Are tourist dollars coming back any time soon?
Although most governments are still advising against “nonessential” international travel, tourist dollars may be heading to beaches, mountains and other nearby vacation spots this summer.
The appeal of local travel was highlighted by findings of an ongoing survey of 1,200 business or leisure travelers from the U.S. Travel Association. Results from the first week of May found:
- Travelers continued to feel safest when traveling in personal cars, cited as safe by 68 percent. That compares to 18 percent for domestic flights and 11 percent for international flights.
- Among leisure excursions, travelers feel safest visiting parks, cited by 40 percent, followed by beaches, 26 percent. Coming in lower among leisure activities were outdoor sporting events, 15 percent; outdoor concerts/festivals, 14 percent; indoor concerts/festivals, 12 percent; and movie theater, also 12 percent.
A more recent survey of 1,000 adults from Longwoods International, fielded June 3, found 69 percent of American travelers are changing their travel plans because of the pandemic, down from a peak of 85 percent on April 8 and the lowest level since mid-March. Also showing improvement from recent weeks, 44 percent would feel safe traveling outside their communities and the same percentage would feel safe dining in local restaurants and shopping at local stores.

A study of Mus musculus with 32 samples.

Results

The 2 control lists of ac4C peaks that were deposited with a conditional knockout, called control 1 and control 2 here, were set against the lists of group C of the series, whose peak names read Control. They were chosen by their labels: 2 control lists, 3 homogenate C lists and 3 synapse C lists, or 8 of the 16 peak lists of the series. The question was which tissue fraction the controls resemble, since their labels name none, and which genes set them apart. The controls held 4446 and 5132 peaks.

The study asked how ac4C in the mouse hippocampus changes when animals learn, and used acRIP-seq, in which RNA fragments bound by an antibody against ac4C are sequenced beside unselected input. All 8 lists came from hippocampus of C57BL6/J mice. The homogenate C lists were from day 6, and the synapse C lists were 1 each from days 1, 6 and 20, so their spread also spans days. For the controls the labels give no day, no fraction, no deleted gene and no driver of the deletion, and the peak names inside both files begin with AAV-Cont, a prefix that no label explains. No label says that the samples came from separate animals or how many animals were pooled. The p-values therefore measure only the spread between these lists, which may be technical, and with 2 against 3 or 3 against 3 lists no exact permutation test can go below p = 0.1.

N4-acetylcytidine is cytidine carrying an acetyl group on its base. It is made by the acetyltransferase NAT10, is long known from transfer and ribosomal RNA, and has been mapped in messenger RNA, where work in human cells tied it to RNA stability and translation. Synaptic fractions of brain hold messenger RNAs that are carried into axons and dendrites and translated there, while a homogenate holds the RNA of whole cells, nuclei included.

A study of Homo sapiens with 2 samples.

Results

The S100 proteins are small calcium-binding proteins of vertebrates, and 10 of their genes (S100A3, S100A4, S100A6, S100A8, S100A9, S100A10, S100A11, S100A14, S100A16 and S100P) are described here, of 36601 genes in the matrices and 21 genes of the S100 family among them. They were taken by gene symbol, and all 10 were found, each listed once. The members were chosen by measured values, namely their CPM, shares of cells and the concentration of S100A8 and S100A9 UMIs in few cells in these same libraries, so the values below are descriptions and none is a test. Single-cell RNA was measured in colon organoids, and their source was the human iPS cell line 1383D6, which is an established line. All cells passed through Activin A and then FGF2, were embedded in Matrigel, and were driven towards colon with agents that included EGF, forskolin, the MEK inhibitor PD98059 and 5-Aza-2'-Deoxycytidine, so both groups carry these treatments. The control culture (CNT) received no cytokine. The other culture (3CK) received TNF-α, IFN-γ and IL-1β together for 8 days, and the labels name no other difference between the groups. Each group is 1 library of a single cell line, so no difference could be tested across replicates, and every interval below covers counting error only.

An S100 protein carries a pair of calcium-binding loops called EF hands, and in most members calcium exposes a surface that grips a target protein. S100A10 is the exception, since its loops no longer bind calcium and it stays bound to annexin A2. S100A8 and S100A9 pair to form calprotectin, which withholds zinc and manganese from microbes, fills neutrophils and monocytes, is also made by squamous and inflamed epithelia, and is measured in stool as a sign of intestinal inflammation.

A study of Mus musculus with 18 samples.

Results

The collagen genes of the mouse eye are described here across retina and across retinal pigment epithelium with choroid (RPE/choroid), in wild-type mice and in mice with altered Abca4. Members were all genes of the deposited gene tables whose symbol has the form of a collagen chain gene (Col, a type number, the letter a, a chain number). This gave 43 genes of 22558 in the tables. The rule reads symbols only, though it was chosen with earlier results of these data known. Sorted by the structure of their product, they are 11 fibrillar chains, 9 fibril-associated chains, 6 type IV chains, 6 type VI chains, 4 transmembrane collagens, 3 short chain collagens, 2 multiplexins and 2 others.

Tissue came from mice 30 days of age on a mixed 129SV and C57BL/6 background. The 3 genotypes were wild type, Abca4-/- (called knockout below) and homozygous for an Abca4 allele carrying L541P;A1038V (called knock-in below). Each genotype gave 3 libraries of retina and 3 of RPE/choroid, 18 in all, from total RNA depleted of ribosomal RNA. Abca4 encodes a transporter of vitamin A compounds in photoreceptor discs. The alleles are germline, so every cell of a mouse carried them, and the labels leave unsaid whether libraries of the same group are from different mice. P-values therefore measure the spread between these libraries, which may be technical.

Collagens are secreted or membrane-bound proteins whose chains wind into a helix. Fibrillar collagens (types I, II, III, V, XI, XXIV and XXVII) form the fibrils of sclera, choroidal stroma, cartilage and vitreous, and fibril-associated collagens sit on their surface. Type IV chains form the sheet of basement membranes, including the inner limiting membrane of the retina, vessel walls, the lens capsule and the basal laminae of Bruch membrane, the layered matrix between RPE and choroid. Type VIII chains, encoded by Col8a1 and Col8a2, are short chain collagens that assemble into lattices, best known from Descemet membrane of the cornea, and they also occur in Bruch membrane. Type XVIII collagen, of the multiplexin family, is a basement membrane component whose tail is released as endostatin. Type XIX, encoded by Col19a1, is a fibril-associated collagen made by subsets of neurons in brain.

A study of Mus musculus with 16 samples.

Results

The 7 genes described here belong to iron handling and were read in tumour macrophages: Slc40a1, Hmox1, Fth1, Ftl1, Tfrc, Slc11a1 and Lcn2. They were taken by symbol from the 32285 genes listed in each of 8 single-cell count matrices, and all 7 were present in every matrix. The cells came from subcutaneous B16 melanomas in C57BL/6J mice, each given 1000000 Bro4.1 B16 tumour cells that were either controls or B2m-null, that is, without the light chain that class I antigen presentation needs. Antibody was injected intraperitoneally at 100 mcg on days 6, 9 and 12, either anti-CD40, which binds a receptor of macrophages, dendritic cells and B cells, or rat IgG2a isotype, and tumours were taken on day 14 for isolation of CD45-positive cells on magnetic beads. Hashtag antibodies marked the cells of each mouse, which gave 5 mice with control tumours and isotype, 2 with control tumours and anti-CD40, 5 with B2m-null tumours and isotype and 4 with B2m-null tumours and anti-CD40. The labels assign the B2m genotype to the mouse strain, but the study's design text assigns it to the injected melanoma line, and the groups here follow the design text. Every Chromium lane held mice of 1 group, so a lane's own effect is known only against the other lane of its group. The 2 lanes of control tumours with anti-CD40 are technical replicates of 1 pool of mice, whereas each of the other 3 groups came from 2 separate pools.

That still leaves a lot of cautious travelers. Indeed, the U.S. Travel Association found travel spending for the week ending May 30 remained at about 20 percent of the average level seen in the weeks leading up to the pandemic.
Like retail, the tourist industry is hoping to take advantage of pent up demand, but many festivals and other large events that bring in tourists have been canceled or postponed at least until the fall.
Campgrounds and beaches are starting to open with restrictions. On June 10, Miami Beach reopened but visitors must limit group sizes, wear face-masks where six-feet guidelines are difficult to maintain and refrain from volleyball or Frisbee.
Some resort and beach communities are also concerned that crowds will spread the coronavirus. The Longwoods International survey found only 46 percent of Americans support opening their communities to visitors.
- Travel Intentions Pulse Survey (TIPS): Impact of COVID-19 – U.S. Travel Association
- Weekly Coronavirus Impact On Travel Expenditures In The U.S – U.S. Travel Association
- Americans Becoming More Confident About Traveling and Visitors – Longwoods International
- Michigan’s tourism industry heads into summer of uncertainty – The Detroit News
- As States Start to Reopen, Travelers Feel Safest in Their Cars – Adweek
DISCUSSION QUESTIONS: Are stores and retail districts heavily dependent on tourist traffic facing a more challenging recovery phase than those reliant on spending by locals? What advice would you have for stores reliant on tourist dollars?